As regular readers know, for several weeks (it feels like forever!) I’ve been trying to work out the accuracy of the Low Histamine Food Lists found online. What I discovered was really shocking. The fact is, there is virtually no reliable data on which to base any kind of Amine-related food list and it appears that most lists are based on hunches, speculation or research so old the authors are dead. It may turn out that these hunches are absolutely accurate: nutmeg really is high in histamine and so are pumpkins. Or it might turn out that we’ve all been avoiding these foods for absolutely no good reason.
The whole subject of histamine is really quite complex. What started out as a single article turned into an entirely new section of my blog called ‘Low Histamine Food Info’ which contains several new pages – just hover over the tab in the menu and you will see the pages listed.
If you’re feeling lazy and want direct links to the new pages here you go:
Histamine & Drugs (which is still being written, bear with me I’ll let you know when it’s available)
These pages are then followed by the existing Low Histamine Food List and Low Histamine Shopping List pages which remain largely unchanged.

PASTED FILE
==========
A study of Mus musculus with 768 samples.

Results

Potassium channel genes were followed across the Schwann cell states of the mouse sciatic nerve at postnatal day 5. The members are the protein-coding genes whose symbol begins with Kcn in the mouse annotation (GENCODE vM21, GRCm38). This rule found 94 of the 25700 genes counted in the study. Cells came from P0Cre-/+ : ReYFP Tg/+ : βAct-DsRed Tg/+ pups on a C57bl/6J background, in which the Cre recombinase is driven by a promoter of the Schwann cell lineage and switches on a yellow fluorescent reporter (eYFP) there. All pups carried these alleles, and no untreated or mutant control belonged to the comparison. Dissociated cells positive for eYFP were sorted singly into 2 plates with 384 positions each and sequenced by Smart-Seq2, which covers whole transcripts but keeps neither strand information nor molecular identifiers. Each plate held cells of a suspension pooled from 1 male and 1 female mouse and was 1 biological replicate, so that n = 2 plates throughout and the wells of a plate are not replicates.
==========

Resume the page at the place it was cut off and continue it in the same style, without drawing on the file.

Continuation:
I stress that the information in this new section isn’t exhaustive – there are a couple of companies which test for amines in food which I don’t have access to (although I question their accuracy) so I’ve only looked at free research which can be found online. It is also only a personal interpretation of the data and I don’t claim to be any kind of expert at deciphering statistical analysis. I’m just a sick girl, lying in my bed going round in circles trying to work out what any of this stuff means 😉
So, my friends, knock yourself out and have a read. I’ll be interested to hear what you think and if you can add anything to the information please do let me know.